India should stand up with startups

The genesis of the NDA government’s ambitious plans to inculcate an entrepreneurial culture in India lies in the speech made by Prime Minister Narendra Modi’s Independence day speech, where he said:

“We want a startup network to be established in India. We are looking at systems for enabling start-ups. We must be number one in start-ups… Start-up India; Stand up India.”

In the days that followed, Mr Modi travelled to the hub of corporate innovation and start-up culture, Silicon Valley in California, where he met with CEO’s of companies like Facebook, Google and Microsoft. No doubt the learning from such meetings was instrumental in the final formulation of the Start-up India campaign, along with an action plan, which happened in January 2016.


  1. Single Window Clearance for new ventures with the help of a mobile application
  2. 10,000 crore corpus fund to be set up
  3. 80% reduction in patent registration fee
  4. Modified and more friendly Bankruptcy Code to ensure 90-day exit window
  5. No government inspections for 3 years
  6. Tax exemption for 3 years
  7. Eliminating red tape
  8. Self-certification compliance
  9. Starting with 5 lakh schools to target 10 lakh children for innovation program
  10. New schemes to provide Intellectual Property Rights (IPR) protection to start-ups and new firms

Let us look at what start-ups in India really need, and then at how the Start-up India campaign might be able to deliver on these needs.

Ease of doing business

Despite continuous efforts by successive governments, India’s rank on the ‘Ease of doing business’ index continues to languish below 120. Such an environment is not conducive to a start-up culture that thrives on taking an idea from concept to execution in quick time. This is where the Single Window Clearance system, as mentioned at (1) above will prove to be immensely helpful.

In addition to this, a committed effort by the government to eliminate red-tape and avoid the ‘inspection-raj’ regime of yesteryear (Points (7) and (5)) will go a long way toward improving India’s score on this index. Further, it will ensure Indian entrepreneurs prefer India as their primary place of business, which will further job creation and wealth creation within the country.


Even today, the majority of funding for Indian start-ups comes from outside India. This means the problem is two-fold:

  1. Scarcity of capital in India
  2. Higher probability of flight of capital if quick returns are not given to the foreign investor

It will be interesting to see how the Start-up India initiative deals with this matter. The formation of a corpus fund is definitely encouraging (Point (2) above), but so are the Tax exemptions (as mentioned in Point (6)). With the prospect of a tax holiday for three years from formation, it gives Indian entrepreneurs that much time to turn their ideas into revenue streams. Further, if the funding is from Indian sources, it will be better for the country, since profits will remain within India. In addition to this, the mobile app mentioned in Point (1) could also serve as an tool for information exchange between entrepreneurs and funding agencies.

Research and development

R & D has been an Achilles heel for Indian industry for a long time, since we have for long depended on foreign designs and innovations to sustain our manufacturing. The reduction in patent registration fees (Point (3) above) and for IPR protection (Point (10)) should help local innovators to protect and monetize their ideas. Further, it will assist knowledge-based companies to take root and expand in India, rather than having to seek foreign shores, as many currently do.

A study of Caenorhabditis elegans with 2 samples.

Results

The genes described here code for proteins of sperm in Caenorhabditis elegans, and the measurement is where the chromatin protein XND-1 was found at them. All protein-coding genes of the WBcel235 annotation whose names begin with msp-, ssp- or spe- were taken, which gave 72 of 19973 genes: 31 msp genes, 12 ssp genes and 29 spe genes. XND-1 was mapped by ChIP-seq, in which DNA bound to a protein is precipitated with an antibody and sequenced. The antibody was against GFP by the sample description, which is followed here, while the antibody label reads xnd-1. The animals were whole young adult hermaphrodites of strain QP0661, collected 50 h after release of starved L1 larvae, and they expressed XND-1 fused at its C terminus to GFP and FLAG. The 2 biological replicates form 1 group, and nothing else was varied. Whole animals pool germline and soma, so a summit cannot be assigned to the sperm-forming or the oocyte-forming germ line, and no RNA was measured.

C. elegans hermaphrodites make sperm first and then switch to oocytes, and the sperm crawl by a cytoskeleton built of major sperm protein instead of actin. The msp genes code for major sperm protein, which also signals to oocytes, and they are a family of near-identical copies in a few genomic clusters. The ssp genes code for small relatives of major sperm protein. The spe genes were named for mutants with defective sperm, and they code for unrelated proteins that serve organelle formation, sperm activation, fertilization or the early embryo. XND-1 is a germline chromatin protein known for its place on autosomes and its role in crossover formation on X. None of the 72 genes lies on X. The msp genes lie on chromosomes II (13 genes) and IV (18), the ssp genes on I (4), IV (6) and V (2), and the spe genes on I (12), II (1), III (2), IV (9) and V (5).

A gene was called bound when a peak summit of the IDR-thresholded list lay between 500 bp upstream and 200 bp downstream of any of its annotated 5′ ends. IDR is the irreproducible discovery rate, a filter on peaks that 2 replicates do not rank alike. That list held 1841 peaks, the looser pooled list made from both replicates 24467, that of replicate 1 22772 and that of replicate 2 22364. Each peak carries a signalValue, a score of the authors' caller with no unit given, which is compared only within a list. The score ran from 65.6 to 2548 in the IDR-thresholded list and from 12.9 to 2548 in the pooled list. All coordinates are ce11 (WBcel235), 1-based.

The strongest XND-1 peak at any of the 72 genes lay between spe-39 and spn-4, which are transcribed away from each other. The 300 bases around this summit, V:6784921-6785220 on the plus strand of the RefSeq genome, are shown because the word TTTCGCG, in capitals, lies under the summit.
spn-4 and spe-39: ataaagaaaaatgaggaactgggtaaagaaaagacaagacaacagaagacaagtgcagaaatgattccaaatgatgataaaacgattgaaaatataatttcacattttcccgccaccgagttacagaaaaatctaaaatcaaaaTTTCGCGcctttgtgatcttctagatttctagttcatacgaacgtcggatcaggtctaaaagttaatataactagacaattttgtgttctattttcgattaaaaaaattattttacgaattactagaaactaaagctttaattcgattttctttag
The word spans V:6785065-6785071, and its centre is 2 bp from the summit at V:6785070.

Lack of exit options

Restrictive labour laws and a complicated bankruptcy statute make it difficult for an Indian company to wind up even if it has long since stopped being profitable. As a result, funds, employees and management remain locked up in businesses that are no longer viable. By contrast, America’s flexible labour laws and easy access to exit options have meant the entrepreneurs are not afraid to fail, a risk-friendly approach that has served them very well over the years. A similar provision in India, by way of the modified bankruptcy code mentioned in Point (4) above would encourage start-ups to register and operate in India rather than opting for foreign shores.

Access to quality labour

Silicon Valley in California is extraordinary not just for the quality of entrepreneurs who have set up shop there, but also for the unprecedented access the region has to the best skilled workforce in the world. Engineers and scientists from around the world aspire to work there, giving the businesses of the Valley an abundance of talent to choose from.

Replicating that in India will always be a challenge due to the lower wages offered here, but an interesting initiative of the Start-up India scheme has been the proposal to educate children from a young age under the innovation programme (Point (9)). While the details on this are not yet very clear, it is to be hoped that this will involve not just vocational, but scientific training that will help these children become the high-quality workforce that a true start-up culture requires.

Finally, it should be remembered that Governments are at their best when they remember their role as a facilitator of the people and not as a ruler. India’s corporate culture has for too long been bogged down by over-regulation. Let us hope that through Start-up India, the innovative spirit of India is set free to rule the world!